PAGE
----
Cardiology Care

Your heart plays a vitally important role in your overall health. This organ the size of a large fist beats around 115,000 times each day, pumping about 2,000 gallons of blood through the body. This ensures that the organs and tissues throughout your body have the essential oxygen they need to function.

Because of that, when your heart isn’t functioning at its best, you can experience a wide range of issues affecting nearly every part of your body. Having access to advanced cardiac care is essential.

We offer an array of cardiac services provided by a team of specialized heart doctors. We care for a wide range of heart health issues, including:

  • Arrhythmia
  • Cardiomyopathy
  • Congenital heart disease
  • Coronary artery disease
  • Heart attack (myocardial infarction)
  • Heart disease
  • Heart failure
  • High blood pressure

Our range of services includes a full spectrum of diagnostic testing to determine an accurate diagnosis, identify any underlying medical conditions and provide advanced cardiac care, including cardiac surgery, when needed. Treatment extends to post surgical care, including cardiovascular rehabilitation and continued monitoring.

Cardiac Research

We are committed to bringing the latest cardiovascular medical and device therapy to our patients, and we use clinical research as one avenue for our patients and physicians to access new and developing cardiovascular treatments.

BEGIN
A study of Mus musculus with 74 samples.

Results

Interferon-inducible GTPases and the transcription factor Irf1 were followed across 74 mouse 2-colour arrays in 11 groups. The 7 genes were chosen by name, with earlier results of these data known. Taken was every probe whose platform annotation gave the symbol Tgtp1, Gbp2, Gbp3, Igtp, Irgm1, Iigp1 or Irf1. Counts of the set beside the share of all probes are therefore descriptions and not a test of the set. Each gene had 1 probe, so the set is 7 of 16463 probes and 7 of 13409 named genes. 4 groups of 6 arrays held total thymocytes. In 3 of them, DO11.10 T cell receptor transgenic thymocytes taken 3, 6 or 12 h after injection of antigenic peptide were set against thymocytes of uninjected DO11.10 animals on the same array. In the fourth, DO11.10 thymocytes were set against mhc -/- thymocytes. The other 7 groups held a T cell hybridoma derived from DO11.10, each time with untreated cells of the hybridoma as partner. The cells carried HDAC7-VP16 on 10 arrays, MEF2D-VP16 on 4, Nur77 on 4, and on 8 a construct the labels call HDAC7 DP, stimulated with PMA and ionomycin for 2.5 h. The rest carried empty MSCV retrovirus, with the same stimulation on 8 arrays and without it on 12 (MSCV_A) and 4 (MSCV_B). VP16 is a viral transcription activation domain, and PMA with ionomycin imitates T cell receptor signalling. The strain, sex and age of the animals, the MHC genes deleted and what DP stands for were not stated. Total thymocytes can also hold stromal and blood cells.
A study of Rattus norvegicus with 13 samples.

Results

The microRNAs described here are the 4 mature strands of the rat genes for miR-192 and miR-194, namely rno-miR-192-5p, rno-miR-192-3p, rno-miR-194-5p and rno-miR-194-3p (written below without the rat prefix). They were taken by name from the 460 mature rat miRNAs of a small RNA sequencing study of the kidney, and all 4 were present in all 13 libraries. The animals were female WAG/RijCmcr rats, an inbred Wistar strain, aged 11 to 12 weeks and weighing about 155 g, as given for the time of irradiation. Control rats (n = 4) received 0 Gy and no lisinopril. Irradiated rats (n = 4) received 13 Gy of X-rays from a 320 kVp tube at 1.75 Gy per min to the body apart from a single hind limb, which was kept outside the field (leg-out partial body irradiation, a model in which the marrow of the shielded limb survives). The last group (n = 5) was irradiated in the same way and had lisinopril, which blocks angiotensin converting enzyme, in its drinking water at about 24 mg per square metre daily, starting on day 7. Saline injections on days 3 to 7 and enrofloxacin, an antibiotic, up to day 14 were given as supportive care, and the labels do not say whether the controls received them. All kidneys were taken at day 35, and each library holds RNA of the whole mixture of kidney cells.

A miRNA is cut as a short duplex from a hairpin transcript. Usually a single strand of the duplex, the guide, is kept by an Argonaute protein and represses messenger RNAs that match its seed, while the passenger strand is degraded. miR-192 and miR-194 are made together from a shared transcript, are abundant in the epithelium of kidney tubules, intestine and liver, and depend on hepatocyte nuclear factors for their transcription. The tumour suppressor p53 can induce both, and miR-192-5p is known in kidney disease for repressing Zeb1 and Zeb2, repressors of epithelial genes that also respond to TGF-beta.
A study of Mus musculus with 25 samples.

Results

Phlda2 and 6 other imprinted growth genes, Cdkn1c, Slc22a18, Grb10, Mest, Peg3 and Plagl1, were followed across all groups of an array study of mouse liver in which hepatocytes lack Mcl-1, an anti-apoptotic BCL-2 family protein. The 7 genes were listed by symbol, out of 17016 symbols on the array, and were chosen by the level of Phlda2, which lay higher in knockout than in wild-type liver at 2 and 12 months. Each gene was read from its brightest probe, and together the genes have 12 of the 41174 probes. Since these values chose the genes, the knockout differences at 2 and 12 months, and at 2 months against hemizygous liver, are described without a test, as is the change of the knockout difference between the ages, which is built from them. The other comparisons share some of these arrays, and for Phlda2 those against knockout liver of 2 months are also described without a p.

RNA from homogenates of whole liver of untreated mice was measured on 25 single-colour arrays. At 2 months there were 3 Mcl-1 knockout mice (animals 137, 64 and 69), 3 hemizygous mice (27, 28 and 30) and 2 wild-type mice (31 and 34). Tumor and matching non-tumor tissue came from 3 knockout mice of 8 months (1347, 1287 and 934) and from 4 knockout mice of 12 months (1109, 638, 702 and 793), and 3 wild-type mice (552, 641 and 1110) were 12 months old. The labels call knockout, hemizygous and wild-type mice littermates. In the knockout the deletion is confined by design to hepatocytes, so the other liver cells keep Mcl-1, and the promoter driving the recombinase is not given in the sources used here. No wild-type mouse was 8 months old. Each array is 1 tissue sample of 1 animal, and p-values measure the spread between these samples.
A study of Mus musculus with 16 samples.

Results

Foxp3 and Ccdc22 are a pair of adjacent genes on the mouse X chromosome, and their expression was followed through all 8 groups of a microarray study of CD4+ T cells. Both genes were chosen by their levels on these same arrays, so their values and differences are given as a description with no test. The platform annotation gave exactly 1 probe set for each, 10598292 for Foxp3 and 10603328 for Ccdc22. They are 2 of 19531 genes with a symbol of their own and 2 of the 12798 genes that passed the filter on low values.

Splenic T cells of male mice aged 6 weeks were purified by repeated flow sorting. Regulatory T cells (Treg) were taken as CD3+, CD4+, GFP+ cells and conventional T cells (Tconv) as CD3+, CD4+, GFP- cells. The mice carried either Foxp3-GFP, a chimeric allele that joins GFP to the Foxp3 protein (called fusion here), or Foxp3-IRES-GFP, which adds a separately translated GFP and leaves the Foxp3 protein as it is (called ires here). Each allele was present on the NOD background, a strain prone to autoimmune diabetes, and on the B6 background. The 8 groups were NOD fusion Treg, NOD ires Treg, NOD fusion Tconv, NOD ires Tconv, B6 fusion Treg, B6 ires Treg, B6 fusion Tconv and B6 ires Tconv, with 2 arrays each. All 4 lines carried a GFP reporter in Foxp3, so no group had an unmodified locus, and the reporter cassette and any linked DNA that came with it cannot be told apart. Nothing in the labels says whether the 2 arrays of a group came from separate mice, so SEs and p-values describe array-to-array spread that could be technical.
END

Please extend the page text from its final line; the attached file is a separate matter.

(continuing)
Heart Health Information

Women with Diabetes Have a 40 Percent Greater Risk of Heart Disease Than Men with Diabetes

Experts aren’t sure why women with diabetes have a higher risk. Yet knowing the risk gives women the opportunity to make lifestyle changes that can make a difference. Some important steps to help take control of diabetes and decrease risk of heart disease:

  1. Check your blood pressure. The neighborhood pharmacy may have a free blood pressure machine. If your blood pressure is above 130/80, talk to your doctor.
  2. Eat foods that are low-salt and low-fat. Developing this habit can decrease your blood pressure and cholesterol.
  3. Get exercise most days of the week. It improves blood flow, lowers blood pressure and can lower cholesterol. Brisk walking is a great way to get moving.
  4. Lose weight if you are overweight. Shedding a few pounds can reduce the stress on your heart. Check with your doctor or a dietitian for a plan to get you started.
  5. Relax. Learn techniques to stay calm to help keep your blood pressure and blood sugar under control.
  6. If you smoke, quit. It’s okay to ask for help, too, and so worth it for you and your family.
  7. Take medication as prescribed. Ask your doctor if taking an aspirin would be helpful for you.
  8. See a doctor if: you notice pain or cramps in your legs or feet, are short of breath, have an elevated blood pressure (more than 130 / 80) or have a lot of swelling in your feet.

For more ways to manage diabetes and increase overall health, consider taking an informative class or joining a support group. #HeartHealth matters.